Japan’s parliament enacted early Thursday a law allowing casino gambling in the country, just in time for the end of the extraordinary Diet session.
The law, which was sponsored by a group of lawmakers mainly from the ruling Liberal Democratic Party, allows casino gambling in “integrated resorts” that include hotels and entertainment facilities.
The government is now tasked with formulating further legislation required to implement the casino system.
The administration of Prime Minister Shinzo Abe encouraged the move as a potential boost to tourism, while opponents, including members of the LDP’s junior coalition partner Komeito, argued that casinos could worsen problem gambling and compromise public safety.
Party leader Natsuo Yamaguchi was among the Komeito lawmakers who voted against the bill in the upper house Wednesday after the party allowed a conscience vote.
Meanwhile, the Democratic Party and smaller opposition parties protested the speed with which the bill to legalize casinos progressed through the Diet, accusing the ruling coalition of using its majority in both chambers of the parliament to railroad the legislation.
An initial version of the bill cleared the lower house on Dec. 6 but was tweaked Tuesday by an upper house committee chaired by a Democratic Party lawmaker. The alterations related mainly to enhanced provisions for tackling problem gambling.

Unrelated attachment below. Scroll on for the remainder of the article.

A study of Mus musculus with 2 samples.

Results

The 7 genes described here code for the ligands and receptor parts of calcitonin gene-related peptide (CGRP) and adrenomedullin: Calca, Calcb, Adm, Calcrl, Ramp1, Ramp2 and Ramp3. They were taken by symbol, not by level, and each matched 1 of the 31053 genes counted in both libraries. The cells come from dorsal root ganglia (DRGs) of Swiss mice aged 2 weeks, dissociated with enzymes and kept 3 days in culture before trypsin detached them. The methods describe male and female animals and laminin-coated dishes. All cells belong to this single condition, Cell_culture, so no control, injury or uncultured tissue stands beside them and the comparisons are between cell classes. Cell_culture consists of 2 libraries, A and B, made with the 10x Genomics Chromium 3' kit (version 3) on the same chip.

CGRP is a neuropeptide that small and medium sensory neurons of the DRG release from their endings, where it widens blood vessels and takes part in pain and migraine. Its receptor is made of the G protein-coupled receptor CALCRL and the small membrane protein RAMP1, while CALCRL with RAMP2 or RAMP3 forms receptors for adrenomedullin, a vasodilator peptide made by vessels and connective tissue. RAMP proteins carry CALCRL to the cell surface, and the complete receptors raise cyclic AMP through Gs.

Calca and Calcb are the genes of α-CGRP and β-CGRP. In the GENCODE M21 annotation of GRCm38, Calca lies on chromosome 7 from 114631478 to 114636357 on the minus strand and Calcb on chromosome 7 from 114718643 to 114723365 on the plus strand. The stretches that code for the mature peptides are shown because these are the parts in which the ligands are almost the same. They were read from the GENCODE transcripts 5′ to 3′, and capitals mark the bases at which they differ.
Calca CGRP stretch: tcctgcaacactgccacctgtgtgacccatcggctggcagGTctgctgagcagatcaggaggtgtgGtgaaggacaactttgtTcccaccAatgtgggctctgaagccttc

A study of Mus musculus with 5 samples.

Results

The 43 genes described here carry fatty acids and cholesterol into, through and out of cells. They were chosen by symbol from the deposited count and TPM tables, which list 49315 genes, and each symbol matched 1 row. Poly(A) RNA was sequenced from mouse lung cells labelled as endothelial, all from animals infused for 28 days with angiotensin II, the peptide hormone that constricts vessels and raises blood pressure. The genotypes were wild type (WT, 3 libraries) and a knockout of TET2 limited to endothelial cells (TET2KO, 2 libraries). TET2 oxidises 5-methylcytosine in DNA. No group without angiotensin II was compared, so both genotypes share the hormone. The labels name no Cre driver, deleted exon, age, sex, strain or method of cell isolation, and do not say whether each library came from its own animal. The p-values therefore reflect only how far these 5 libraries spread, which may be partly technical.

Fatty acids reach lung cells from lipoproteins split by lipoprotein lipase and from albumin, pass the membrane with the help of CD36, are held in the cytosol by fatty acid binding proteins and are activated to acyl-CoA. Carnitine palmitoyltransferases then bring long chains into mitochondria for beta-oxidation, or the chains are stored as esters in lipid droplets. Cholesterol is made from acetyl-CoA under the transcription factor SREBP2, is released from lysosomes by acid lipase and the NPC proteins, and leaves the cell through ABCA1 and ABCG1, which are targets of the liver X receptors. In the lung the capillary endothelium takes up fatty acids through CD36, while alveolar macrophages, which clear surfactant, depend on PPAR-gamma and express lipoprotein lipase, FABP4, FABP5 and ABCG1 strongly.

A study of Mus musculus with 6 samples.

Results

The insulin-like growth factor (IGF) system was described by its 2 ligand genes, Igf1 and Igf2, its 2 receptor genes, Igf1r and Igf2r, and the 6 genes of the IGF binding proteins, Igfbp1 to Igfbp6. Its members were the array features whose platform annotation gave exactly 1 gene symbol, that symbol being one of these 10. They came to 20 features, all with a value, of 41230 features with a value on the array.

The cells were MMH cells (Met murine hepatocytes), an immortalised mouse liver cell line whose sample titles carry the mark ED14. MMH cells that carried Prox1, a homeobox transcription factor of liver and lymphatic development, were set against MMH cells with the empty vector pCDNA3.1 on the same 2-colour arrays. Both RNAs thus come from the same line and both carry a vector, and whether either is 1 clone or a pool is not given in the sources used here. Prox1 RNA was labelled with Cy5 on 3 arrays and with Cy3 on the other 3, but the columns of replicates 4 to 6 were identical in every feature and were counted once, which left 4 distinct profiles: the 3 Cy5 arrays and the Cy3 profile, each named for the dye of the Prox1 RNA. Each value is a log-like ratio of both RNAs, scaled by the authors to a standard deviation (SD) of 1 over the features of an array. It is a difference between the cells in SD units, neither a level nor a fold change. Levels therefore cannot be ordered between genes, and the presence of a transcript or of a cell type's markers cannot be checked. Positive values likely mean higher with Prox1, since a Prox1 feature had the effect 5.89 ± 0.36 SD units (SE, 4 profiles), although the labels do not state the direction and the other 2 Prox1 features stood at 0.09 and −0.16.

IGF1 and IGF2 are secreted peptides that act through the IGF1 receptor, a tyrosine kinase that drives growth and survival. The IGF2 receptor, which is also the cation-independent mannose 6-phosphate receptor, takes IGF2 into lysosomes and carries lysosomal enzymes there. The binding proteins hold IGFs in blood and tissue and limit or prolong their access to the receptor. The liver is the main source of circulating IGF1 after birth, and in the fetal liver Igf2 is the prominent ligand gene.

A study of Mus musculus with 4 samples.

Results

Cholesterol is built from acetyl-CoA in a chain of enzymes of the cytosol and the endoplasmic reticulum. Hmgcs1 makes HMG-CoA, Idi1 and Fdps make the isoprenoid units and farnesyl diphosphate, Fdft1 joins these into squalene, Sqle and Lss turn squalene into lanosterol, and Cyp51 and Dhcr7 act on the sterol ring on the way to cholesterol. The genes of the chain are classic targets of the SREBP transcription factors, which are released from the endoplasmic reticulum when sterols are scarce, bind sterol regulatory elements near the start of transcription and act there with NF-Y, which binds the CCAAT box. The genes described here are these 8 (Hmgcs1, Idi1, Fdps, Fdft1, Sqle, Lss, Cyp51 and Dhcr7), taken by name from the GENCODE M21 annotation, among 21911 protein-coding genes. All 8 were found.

This meant that after the new version cleared the upper house Wednesday evening, the lower house had to vote on it again. Proceedings in the lower house ended up dragging on into the early hours of Thursday.
LDP Secretary General Toshihiro Nikai told reporters Wednesday Abe had instructed him to take “all appropriate measures” in handling matters in the Diet.
The Democratic Party attempted various methods to obstruct the bill Wednesday, first submitting a censure motion against the prime minister in the upper house, then filing a no-confidence motion against the Abe Cabinet in the lower house.
But the motion against Abe was scratched from the deliberation schedule by the upper house’s steering committee and the motion against the Cabinet was handily voted down by the ruling coalition’s majority in the lower house.
Legislation on pension reform, which the opposition also protested against, was enacted Wednesday afternoon after a vote in the upper house. It had passed in a vote by the chamber’s health, labor and welfare committee the previous day without any alterations.
Amid prolonged deliberations on the casino law, the LDP extended the Diet session, which had been due to end Wednesday, by three extra days through a motion in the lower house.